Fall Quilt Market in Houston, Part 2

Mary Lou at the Dear Stella booth with her free shopping bag.

Back to work in Houston…

Each season the fabric companies seem to outdo themselves with color, design, originality & splendor – the “wow” factor.  This booth was just charming, with fabric reps wearing dresses made from the season’s prints.

One of my favorite fabric booths, Echino, always showing inventive products made from their cloth.

 

Kokka & Echino (by Etsuko Furuya) prints are wonderfully hip and the colors bright.  They make many “cheater” prints, offering a variety of colors and motifs, with the look of seamed cloth.  It’s a great way to add interest to your quilt, home dec project, or wearing apparel.  I bought two huge bundles on sample sale night and have many ideas cooked up for both.

The great thing about market is, you can make your presence big or small: here’s to BIG hair!

I had a great conversation with this gal (& her hair!)  Lisa Anderson with a Fabby creation from Fabric Fanatics is selling “add ons” -  fun items to increase sales at quilt shops.  She had a winning smile and really made me laugh.  Not always easy to do when you are SERIOUSLY at work.  Their motto on the web is “Born to Quilt, FORCED TO WORK.”

Everyone had a shot of Mary Jane’s “Glamping”camper. She embraces an outdoor lifestyle with her own magazine, too.

There were probably more photos of this camper than any other pic at Houston Market this year.  Her website is nostalgic, modern, fun and practical, all at the same time.  She truly lives her lifestyle, not just for show.

Melody Miller’s first market booth – a winner by all scores (Christmas tree is fabu). Just look at the gawkers!

 

Melody Miller (in the kerchief) has better pics on her website than I can show here.  Many detailed closeups for the products made by friends, too.  She was located right next to the Echino booth and also designs prints for Kokka.

“The Button Box” by Rebecca Navarro of Sugarland Texas

Back to the quilts… isn’t this cute?  Look at all the buttons she used and how she constructed her background of many fabric bits.  The girls remind me of youthful kids drawings.  Rebecca stated the idea came from a figure drawing class.

“The Candy Shop” by Miyuki Hamaba, Japan

What a great mix of pattern and color!  Note the border quilting of the flower continuing into the stripe sashing – beautiful.

“Chasin’ Waterfalls” by Cindi Goodwin, Naples, Florida

What a fantastic scrappy quilt.  Looks like she “designs as she goes” fitting in blocks  without a care.  The bright inserts of blue really move your eye around.

“Tea Fairy House” by Jamie Fingal, Orange, CA

This artist is fun to watch – I read her bio and she quilts on felt, then adds another felt layer as backing – genius!  She also liberally uses buttons and zippers in her compositions.  In the description, Jamie says, “Have a cup of hope and joy in the tea fairy house, nestled amongst the ranunculus in the garden.”

 

Global AIDS Memorial Life Stories in Fabric, by Cheveron Employees & Volunteers

And speaking of hope, nothing says it better than belief in humanity.  Back in the early 90′s when I worked at Gap, Inc. headquarters in San Francisco, I had the opportunity to work on a group quilt for the  AIDS Names Project.  It was before I really thought of myself as a quilter.  The tee shirts span from 1993 to the present – a history of service. There were many quilts in this exhibit, all memorializing a loved one lost.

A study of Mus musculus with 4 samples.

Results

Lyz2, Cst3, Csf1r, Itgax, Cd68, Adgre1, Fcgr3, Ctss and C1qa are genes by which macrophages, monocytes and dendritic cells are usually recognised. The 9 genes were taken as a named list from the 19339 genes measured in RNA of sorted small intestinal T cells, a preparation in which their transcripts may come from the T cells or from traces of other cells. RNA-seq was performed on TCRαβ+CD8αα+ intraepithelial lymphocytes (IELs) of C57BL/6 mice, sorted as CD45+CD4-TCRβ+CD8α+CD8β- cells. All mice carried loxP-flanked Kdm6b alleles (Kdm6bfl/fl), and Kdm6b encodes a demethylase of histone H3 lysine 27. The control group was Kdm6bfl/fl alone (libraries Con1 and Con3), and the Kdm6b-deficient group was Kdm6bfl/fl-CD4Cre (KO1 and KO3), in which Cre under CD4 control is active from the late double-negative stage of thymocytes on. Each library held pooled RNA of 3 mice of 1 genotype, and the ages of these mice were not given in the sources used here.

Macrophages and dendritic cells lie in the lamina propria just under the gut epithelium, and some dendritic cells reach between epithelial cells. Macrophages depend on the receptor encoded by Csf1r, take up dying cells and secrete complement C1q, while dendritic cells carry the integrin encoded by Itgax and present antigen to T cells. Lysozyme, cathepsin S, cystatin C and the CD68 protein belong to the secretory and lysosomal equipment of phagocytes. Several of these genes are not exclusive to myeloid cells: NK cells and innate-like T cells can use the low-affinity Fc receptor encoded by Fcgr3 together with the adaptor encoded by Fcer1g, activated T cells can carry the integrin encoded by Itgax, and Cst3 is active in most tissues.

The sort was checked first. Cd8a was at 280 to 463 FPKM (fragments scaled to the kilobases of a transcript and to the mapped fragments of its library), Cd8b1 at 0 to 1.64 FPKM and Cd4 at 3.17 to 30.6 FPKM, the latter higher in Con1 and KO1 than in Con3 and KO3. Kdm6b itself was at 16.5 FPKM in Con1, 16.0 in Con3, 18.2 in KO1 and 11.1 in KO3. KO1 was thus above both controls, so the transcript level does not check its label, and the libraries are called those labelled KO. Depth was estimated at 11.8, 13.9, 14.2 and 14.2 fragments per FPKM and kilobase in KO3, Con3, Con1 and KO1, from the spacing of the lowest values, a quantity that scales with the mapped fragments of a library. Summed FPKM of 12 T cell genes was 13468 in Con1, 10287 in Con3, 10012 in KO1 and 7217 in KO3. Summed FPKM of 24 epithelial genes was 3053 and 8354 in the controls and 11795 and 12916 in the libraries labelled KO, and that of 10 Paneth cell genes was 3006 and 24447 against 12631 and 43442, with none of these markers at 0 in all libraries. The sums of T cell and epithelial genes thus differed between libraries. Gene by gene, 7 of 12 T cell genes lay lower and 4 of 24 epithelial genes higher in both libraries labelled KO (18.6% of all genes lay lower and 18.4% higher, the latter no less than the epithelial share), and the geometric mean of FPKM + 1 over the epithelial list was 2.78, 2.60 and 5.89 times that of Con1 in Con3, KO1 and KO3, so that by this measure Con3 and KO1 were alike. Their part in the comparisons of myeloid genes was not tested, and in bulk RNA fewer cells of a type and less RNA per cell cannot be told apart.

“Stokrozen” by Ans Schipper-Vermeiren, Haaften, The Netherlands

This artist said that Hollyhocks remind her of England.  Look how she incorporated the tiny hexagons into the flowers & leaves.

“Green Blue Planet Under Siege” by Marja Matiisen, Harjumaa, Estland

This artist wants to raise awareness of waste and garbage (too much stuff) but also to remind us to recycle.  She incorporated clothing labels, waistbands, belt loops and all parts of the jeans fabric in her awesome piece of work.

Dinner away from the fray, at The Grotto, on Westheimer.

Inspiration is everywhere… Mary Lou and I took a shopping and lunch break in the Westheimer district.  We were rewarded with detailed views over a quiet meal, at The Grotto Ristorante, just catching up.  Look at the paintings long enough an you will find many humorous subtleties, like the woman about to sit on a squirrel, or the dressed up dog, or the canal-boat driver throwing a pizza.  To top that off, we had Sprinkles cupcakes for desert.  Who new the Beverley Hills icon had a satellite in Houston?   It was so good, we came back the next evening, for a farewell dinner with friends.

Richard and Marti Michell, market regulars & standouts.

Quilt Market is always a time to catch up with friends.  Sometimes, we only see each other on the road, grabbing a bite and filling our hearts & heads with news of the year.  This market, I reintroduced myself to Marti Michell and her husband, Richard.  They have Iowa roots, just like my husband.  In fact, both attended Iowa State, in Ames, about the same time as my in-laws.  I discovered this in a recent bio of Marti, in American Quilters Magazine.

Dear friends in quilting: Mary Lou, Mel & Brenda.

We all met in Mary Lou’s Asilomar class, in 2005… being at Quilt Market gives us an opportunity to speed through a year of events and developments.  Case in point, Brenda’s oldest son is getting married next week (the 2nd one to pick Thanksgiving as the time to do it!)  Brenda works with Marti and handily demos all her products, often on the Road.  Our next chance to meet is Road To California, in January, where Marti will be a featured teacher.  Until then, get inspired and get sewing & quilting!